Officials: Oyster Creek Drill Successful

An imagined plume of radiation is on a map at the Ocean County Office of Emergency Management. (Photo by Chris Lundy)

LACEY – The scenario is pretty frightening: a plume of radiation has escaped Oyster Creek Generating Station.

Fortunately, it was only a drill, and according to the people grading the test, local officials passed with flying colors, according to the Federal Emergency Management Agency and the Nuclear Regulatory Committee.

A warning to emergency workers is on a corkboard at the Ocean County Office of Emergency Management. (Photo by Chris Lundy)

There was a three-day “Full Scale Plume/Ingestion Pathway Radiological Emergency Preparedness Exercise” throughout local towns recently. The plume was imagined to stretch 10 miles from the plant, then 50 miles. At that point, the “Ingestion” part of the drill came in. Officials had to collect data and determine whether the agriculture in the vicinity would be safe to consume.

There were 239 criteria upon which they were judged, said Susan O’Neill, chair of the Regional Assistance Committee for FEMA’s Region 2. It included calculating the dosage of radiation in various areas and communicating important information to officials and residents.

The municipalities that were tested included: Ship Bottom, Ocean Township, Pine Beach, Barnegat, Beachwood, Berkeley, Toms River, Harvey Cedars, Island Heights, Long Beach Township, Lacey, Ocean Gate, Barnegat Light, Seaside Park, South Toms River, Stafford, and Surf City.

Advertisement
Susan O’Neill, FEMA’s Regional Assistance Committee chair, speaks about the drill. (Photo by Chris Lundy)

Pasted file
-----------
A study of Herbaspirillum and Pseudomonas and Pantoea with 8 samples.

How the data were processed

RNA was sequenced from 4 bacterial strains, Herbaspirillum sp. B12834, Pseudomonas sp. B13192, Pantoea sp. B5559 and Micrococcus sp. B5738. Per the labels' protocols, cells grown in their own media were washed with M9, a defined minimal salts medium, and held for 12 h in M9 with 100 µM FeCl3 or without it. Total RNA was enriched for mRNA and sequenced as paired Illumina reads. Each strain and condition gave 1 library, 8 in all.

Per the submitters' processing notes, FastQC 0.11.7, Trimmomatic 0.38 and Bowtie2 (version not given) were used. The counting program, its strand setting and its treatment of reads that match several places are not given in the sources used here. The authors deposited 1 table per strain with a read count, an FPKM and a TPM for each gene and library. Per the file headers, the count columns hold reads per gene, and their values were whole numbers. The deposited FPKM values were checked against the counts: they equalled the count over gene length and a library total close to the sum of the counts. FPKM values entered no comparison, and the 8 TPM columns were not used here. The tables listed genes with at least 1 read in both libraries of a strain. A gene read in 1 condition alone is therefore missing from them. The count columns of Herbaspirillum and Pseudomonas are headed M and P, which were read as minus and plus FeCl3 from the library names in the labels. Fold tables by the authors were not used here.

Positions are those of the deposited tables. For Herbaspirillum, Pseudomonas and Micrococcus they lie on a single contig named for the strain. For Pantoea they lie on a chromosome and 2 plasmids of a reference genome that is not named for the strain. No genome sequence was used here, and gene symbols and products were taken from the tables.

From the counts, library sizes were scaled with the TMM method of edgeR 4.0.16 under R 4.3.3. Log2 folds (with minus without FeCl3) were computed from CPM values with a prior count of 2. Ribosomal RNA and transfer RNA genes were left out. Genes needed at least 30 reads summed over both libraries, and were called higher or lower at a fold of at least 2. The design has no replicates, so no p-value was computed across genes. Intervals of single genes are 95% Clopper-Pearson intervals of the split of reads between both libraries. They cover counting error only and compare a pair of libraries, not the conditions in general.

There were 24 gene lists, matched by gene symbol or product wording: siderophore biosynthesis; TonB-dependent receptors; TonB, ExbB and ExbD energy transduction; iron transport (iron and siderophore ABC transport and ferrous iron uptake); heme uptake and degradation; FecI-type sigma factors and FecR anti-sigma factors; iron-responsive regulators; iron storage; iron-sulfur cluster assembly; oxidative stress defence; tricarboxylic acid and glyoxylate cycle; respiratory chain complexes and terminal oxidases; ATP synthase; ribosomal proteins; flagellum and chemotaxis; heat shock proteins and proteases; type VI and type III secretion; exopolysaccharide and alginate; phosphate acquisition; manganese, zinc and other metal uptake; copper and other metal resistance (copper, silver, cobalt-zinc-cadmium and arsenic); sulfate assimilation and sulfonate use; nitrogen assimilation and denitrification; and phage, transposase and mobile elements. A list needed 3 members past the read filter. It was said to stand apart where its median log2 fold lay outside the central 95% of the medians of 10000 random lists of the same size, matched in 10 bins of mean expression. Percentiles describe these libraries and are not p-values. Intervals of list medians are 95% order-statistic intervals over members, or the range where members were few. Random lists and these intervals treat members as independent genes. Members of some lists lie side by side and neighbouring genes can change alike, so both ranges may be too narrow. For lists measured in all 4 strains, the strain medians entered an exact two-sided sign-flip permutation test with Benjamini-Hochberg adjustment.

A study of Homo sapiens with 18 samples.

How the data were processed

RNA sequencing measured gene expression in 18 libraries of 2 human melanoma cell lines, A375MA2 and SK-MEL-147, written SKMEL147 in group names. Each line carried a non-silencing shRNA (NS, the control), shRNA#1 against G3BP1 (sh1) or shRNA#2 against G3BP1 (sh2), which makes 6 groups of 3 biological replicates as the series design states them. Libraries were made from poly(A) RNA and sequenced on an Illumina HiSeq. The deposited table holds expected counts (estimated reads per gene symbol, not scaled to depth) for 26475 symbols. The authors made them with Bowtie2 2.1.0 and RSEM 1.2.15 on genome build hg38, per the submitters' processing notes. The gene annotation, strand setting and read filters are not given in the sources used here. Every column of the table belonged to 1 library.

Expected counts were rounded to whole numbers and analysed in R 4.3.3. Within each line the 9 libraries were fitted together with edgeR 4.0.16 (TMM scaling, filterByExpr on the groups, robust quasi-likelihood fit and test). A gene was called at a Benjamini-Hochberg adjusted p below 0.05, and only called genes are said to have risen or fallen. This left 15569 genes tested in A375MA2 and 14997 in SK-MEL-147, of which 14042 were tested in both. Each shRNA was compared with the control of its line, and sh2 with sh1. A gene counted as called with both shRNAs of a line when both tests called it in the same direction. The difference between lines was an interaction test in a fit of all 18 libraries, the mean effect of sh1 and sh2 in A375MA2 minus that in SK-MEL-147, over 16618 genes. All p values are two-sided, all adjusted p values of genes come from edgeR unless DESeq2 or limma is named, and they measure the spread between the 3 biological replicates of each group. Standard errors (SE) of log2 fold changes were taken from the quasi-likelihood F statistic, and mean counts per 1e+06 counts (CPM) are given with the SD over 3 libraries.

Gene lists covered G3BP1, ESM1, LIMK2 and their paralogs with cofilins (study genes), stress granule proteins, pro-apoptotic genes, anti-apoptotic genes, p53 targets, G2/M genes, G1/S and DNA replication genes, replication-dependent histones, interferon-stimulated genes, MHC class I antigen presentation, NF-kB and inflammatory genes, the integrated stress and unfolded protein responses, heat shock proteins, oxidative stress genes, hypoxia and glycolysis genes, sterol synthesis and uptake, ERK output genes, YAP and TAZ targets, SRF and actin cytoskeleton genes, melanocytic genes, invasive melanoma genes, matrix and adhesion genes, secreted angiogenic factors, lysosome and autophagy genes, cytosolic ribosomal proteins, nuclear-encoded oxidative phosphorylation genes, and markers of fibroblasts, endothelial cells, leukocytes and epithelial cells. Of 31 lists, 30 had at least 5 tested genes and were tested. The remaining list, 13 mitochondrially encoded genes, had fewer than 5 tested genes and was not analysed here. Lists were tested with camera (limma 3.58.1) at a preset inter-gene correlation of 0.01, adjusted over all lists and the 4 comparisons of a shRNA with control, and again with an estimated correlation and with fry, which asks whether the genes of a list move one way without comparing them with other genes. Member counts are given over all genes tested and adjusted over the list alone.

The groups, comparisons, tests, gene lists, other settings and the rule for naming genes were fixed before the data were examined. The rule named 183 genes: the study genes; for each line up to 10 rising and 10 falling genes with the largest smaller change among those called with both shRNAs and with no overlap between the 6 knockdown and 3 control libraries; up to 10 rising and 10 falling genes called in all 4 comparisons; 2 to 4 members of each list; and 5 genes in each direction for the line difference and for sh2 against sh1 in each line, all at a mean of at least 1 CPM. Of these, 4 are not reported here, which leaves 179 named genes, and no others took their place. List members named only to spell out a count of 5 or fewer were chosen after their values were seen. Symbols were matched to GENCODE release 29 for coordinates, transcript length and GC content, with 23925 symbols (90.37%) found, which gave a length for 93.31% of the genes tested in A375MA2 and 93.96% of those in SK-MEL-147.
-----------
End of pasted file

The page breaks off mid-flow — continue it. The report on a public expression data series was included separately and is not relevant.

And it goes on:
“We’re very impressed,” she said. “The staff was well trained. They went above and beyond.”

The findings were released at the Ocean County Office of Emergency Management, at the Robert J. Miller Airpark in Berkeley. Officials noted that these were preliminary findings, and that the full report will be released in 90 days. It was a public meeting, but no members of the public attended.

While FEMA oversaw the public agencies’ responses, the Nuclear Regulatory Commission was judging the reactions of Exelon, the plant’s owner.

A list of evacuation centers and their capacities hangs on the wall at the Ocean County Office of Emergency Management. (Photo by Chris Lundy)

Josephine Ambrosini, emergency preparedness inspector for the Nuclear Regulatory Commission, said that inspectors were in five key spots inside Oyster Creek. They observed the reactions of the employees on duty and they responded correctly.

“Reasonable assurance exists that Exelon can effectively implement the Oyster Creek Emergency Plan to adequately protect the public health and safety in the event of a radiological emergency at the Oyster Creek Nuclear Power Plant,” she said as part of her presentation.